EMPOWER (empowerment, empowering)
Empower means to enable grassroots African American communities and other communities of low wealth to create new, accountable, effective, independent organizations and leadership with the tools and skills to impact the formation and implementation of public policy with the capacity to hold public officials at all levels of government accountable to the needs and interests of grassroots communities, and to have the capacity to impact policy formation in the private sector to hold the business community accountable to the needs and interests of grassroots communities.
Racism is not about hate, it is about domination and control. Our history is rooted in the domination and control of people of color for the invidious purpose of exploiting them as economic, social and political resources. Hate is merely a powerful tool with which to manipulate people.
Fighting Racism is about dismantling the structures that created and continue to sustain the deeply-rooted control that pervades every facet of our culture. Three of the cornerstones of racism have been denial of effective access to the political process, denial of an effective quality public education, and denial of meaningful economic opportunity.
Accountability means putting community interest over self-interest and being responsive to the needs and interests of the community.
We expect public officials and community leaders, who hold their positions in trust for the people and as their representatives, to be accountable to all of the people, regardless of race, class, gender, political affiliation, geographic location or status.
When people have conflicting needs and interests it creates dilemmas about how best to be accountable. Transparency, respectfulness, active listening and sound reasoning are key tools and skills for accountability and build trust and respect even when all parties cannot agree.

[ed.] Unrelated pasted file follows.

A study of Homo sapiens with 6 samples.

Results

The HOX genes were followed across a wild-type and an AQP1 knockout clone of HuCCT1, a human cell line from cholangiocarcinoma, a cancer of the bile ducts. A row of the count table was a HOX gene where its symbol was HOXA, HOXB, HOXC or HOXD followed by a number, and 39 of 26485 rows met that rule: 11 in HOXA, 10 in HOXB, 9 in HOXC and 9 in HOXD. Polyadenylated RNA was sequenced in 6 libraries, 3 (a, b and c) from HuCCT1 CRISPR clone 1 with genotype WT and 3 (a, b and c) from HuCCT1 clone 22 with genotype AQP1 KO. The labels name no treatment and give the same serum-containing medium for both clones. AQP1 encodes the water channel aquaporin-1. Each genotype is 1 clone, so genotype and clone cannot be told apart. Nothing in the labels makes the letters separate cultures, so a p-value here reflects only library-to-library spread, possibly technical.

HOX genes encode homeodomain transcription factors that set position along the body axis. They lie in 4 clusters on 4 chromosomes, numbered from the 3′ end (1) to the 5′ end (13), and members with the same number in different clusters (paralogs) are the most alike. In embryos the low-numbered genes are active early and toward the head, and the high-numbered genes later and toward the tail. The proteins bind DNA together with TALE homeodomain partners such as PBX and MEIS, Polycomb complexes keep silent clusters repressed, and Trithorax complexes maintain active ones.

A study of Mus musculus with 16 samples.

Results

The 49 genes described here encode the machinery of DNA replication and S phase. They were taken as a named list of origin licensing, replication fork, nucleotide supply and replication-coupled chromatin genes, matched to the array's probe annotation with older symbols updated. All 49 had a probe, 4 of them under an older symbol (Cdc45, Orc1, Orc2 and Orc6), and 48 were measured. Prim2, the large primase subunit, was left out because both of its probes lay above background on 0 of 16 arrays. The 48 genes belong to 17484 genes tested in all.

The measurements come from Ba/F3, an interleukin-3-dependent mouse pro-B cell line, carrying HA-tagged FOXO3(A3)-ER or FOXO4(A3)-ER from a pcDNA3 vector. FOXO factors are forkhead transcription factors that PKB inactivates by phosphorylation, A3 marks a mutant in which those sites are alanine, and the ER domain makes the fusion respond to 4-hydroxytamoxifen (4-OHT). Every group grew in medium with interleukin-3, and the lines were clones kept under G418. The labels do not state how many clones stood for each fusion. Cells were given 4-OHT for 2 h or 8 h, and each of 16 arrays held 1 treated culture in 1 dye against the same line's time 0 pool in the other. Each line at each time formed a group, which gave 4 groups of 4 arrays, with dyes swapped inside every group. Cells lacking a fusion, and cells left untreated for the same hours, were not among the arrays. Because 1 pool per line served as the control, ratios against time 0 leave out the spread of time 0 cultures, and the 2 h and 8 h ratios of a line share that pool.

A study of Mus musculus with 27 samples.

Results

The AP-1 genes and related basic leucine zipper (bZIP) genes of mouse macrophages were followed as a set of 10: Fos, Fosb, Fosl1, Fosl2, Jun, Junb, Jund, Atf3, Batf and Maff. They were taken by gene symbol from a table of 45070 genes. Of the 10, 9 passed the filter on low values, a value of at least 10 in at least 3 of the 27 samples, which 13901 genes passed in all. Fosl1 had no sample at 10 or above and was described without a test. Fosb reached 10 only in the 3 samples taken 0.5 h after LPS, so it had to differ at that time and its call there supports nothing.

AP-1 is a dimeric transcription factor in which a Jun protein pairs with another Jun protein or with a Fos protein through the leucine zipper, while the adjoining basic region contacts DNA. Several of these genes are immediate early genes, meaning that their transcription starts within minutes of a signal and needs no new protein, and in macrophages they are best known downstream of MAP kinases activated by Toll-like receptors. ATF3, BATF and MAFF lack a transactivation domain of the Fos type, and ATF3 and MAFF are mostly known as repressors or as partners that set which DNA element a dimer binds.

Independent organization refers to an organization not owned or controlled by another organization, directly or indirectly, has its own board of directors, has its own volunteer or paid staff, has effective control of its own vision, strategies and program of work, and develops its capacity to generate and spend its own revenues.
Organizations that are not independent are likely to be beholden to others who can control or alter their goals, program and staff or volunteers.
The more independence an organization has the more creative it can be in charting paths of struggle where others may be unwilling to go.
Intergenerational model means involving younger and older people together in the work on the same basis so they can develop, side by side, the skills and tools of organizing work and leadership development, and learn to work and respect each other, and overcome the fear and suspicion of each other.
Young people have the fewest ties to the past, least fear, and great potential for creating a broad vision of a fair and just society. Young people need to work as peers, rather than silent subordinates, to develop their capacities and their sense of balance in relation to organizational needs.
POOLING STRENGTHS AND RESOURCES ACROSS TRADITIONAL BARRIERS
The history of our culture is rooted in separation. People have been separated by race, class, gender, political affiliation, geography and status. But no single organization, no single community or county, has the capacity to impact state policy on fundamental issues, such as education, juvenile justice, health care, tax reform or redistricting. Major policy shifts result from the development of input and pressure that comes from a base of support in many parts of the state. Therefore, communities and community organizations need to find the common ground on which they can work together by pooling their strengths and resources.